Olympic kayaker Luuka Jones and professional surfer Matt Hewitt have joined forces to promote a jet ski safety campaign.
With higher numbers of jet skis on the water each year, riders should observe basic safety rules so that all water users can enjoy themselves, the pair say.
The campaign has been organised by Tauranga Harbourmaster Jennifer Roberts who said rising numbers of incidents, accidents and near misses involving jet skis had prompted the initiative.
Jet skis are as powerful and fast as a car but riders do not need a driver's licence and only need to be over 15 years of age.
Most jet ski incidents in the Bay of Plenty involved males aged between 17 and 30, Ms Roberts said.
"We don't want to spoil anyone's fun but people need to be reminded that they can have fun and still be safe at the same time."
"We want people to be mindful of others and not to fool around and put themselves and others at risk."
Tauranga surfer Matt Hewitt said surfers often used jet skis to transport themselves to difficult to access locations or to tow each other into big waves that would otherwise be too difficult to catch.
Hewitt has recently returned to Tauranga from an international surfing tour where he had the opportunity to get towed into big waves by a jet ski.
"I've been to [Matakana] Island twice since I've been home and I've noticed the increase of jet skis and how many young people have bought little boats, and jet skis, and are out there on the water.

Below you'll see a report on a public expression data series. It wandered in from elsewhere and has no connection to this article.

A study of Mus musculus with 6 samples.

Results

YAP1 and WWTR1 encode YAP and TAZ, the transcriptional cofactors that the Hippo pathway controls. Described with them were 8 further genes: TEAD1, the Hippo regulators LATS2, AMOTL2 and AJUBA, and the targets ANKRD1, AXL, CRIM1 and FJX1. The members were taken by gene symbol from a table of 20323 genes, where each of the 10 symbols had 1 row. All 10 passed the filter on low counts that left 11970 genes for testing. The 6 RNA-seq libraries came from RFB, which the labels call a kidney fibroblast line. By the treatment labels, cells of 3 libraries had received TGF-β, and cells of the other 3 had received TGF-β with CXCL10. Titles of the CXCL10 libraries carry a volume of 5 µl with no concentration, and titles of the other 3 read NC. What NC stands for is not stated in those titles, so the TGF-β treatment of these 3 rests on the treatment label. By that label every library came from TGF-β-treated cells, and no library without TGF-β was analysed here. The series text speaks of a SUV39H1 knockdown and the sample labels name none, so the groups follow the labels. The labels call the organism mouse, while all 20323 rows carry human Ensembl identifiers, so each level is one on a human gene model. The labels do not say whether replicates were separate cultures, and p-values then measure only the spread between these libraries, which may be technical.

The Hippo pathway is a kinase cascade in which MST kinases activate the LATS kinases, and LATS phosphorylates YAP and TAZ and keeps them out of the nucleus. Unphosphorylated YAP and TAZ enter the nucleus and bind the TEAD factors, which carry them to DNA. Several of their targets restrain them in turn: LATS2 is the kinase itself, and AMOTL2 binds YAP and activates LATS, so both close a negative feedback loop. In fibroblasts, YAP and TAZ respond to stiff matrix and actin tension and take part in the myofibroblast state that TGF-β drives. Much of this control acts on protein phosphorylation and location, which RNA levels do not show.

"I want to endorse this campaign because most of them do not have the common sense of water awareness and what the ocean is capable of."
The consequences of a jet ski accident were potentially life threatening, Hewitt said. "If you were paddling in the water and a jet ski didn't see you and popped over a wave and ran you over, you would definitely get knocked out and could drown."
Olympic kayaker Luuka Jones said she often encountered jet skiers while she was paddling and she was concerned that some did not even have driver's licences yet were in charge of powerful, fast vehicles.
Jones and Hewitt jumped on a Harbour Master jet ski in front of the Mount Ocean Sports Club yesterday to learn some safety tips from Peter Head of Elements Water Sports.
The organisers of the campaign have produced posters and stickers displaying the five major safety messages they wanted to promote this summer.
The messages are; look out for your mates, go slow in shallow, you wouldn't speed through a park, it takes three to ski, and wear a lifejacket.
Regional harbourmasters and maritime volunteers will be out in force over coming months to remind jet skiers of the rules.
Dangerous riders can be fined but the council preferred to educate rather than regulate, Ms Roberts said.
"Rather than hand out tickets right away, we mostly talk to boaties, jet ski users and other people out on the water and find that often, if they have done something wrong, it's because they didn't know the rules,"she added.